Red Mill and Blue Moon can both be classified as local, fast-gourmet burger chains. Each has three locations in Seattle proper (though Blue Moon is soon opening a 4th). Although Red Mill has a bit more history (est. 1937), both chains are revered as neighborhood staples, and regarded by many as ‘must trys’ for both locals and visitors alike.
Red Mill has developed a reputation as a Seattle culinary staple, having been touted as “one of 20 hamburgers to try before you die” according to both GQ Magazine and the Oprah Winfrey show. Red Mill has also been featured on Travel Channel’s ‘Man Vs. Food’:
Given such press and fanfare, along with deep roots in the city, Red Mill most likely approaches social media much differently than Blue Moon.
Blue Moon Burgers are the new kids on the block. Having only been in existence for around 5 years, they are inherently lesser known, and perhaps more in critical need of an effective social media platform.
- 206 Twitter followers
- 104 Tweets
- 6,570 Facebook likes
- 27 Facebook posts since Jan 1st, ’14
- 3,636 Twitter followers
- 10,600 Tweets
- 3,178 Facebook likes
- 40 Facebook posts since Jan 1st, ’14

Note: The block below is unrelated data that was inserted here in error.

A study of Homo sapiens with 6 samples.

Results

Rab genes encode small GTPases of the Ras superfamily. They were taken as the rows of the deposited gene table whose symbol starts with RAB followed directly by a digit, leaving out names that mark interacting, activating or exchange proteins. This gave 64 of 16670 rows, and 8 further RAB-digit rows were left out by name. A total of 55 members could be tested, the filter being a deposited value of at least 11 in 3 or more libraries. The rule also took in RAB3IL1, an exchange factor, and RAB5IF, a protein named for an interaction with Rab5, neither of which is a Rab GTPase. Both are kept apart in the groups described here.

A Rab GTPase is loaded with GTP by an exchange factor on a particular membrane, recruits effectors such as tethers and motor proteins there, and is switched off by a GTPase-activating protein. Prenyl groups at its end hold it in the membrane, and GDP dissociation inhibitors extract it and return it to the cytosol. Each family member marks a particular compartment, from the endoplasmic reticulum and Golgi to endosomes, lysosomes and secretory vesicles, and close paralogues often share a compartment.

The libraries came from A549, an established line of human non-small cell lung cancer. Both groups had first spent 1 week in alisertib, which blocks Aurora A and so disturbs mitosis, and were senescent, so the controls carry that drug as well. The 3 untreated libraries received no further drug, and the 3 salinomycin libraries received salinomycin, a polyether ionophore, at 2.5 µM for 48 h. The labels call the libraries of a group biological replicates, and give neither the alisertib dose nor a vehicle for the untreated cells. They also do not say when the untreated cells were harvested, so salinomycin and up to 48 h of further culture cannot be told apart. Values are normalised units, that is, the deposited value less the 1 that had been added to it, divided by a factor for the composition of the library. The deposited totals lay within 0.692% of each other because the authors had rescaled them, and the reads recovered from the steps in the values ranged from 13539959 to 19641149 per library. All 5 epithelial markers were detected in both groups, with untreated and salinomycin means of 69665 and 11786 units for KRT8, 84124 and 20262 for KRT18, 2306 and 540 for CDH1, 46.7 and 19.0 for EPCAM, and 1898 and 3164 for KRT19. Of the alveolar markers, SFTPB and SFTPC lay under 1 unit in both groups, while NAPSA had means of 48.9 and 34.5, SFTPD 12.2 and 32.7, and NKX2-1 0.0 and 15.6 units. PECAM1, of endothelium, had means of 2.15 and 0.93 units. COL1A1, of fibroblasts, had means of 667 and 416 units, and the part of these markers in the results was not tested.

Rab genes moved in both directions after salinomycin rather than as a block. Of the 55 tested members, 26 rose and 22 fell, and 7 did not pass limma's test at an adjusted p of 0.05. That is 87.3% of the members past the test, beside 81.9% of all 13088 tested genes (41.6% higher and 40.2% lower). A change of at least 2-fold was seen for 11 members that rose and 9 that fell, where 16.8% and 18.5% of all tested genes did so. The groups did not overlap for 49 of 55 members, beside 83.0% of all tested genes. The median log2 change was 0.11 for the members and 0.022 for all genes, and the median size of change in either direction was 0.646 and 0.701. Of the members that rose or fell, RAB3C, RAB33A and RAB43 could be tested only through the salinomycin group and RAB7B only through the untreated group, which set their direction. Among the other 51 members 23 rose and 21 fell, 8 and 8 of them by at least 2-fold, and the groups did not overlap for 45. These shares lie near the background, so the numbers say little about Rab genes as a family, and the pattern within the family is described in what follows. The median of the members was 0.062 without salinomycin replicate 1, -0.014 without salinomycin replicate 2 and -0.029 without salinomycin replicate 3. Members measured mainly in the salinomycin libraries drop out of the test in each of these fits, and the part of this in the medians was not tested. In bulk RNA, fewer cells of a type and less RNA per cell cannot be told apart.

- Foursquare Mayor receives free fries with every order
- Diners may order take out through Twitter or Facebook
Outcome and Reaction:
Despite a 70 year head start and numerous national awards, and having proved the will to seek expansion, Red Mill appears stuck in the mud. Perhaps slow and methodical growth is their game, but regardless, their social media and outreach appears to be dwarfed by newcomer Blue Moon. Of course, Blue Moon has required social media tactics in order to succeed in such a highly competitive space. But, as demonstrated time and time again, they’ve appeared to be consistent, transparent, attentive, and thorough in their approach.
To me, it’s no wonder why they’re continuing to expand even more so in 2014. With such an enormous investment in social media, the word gets out fast… with ears come customers, and thus revenue. Their reliance on social media in particular as a means of generating orders is quite novel, and something many competitors may soon be offering themselves.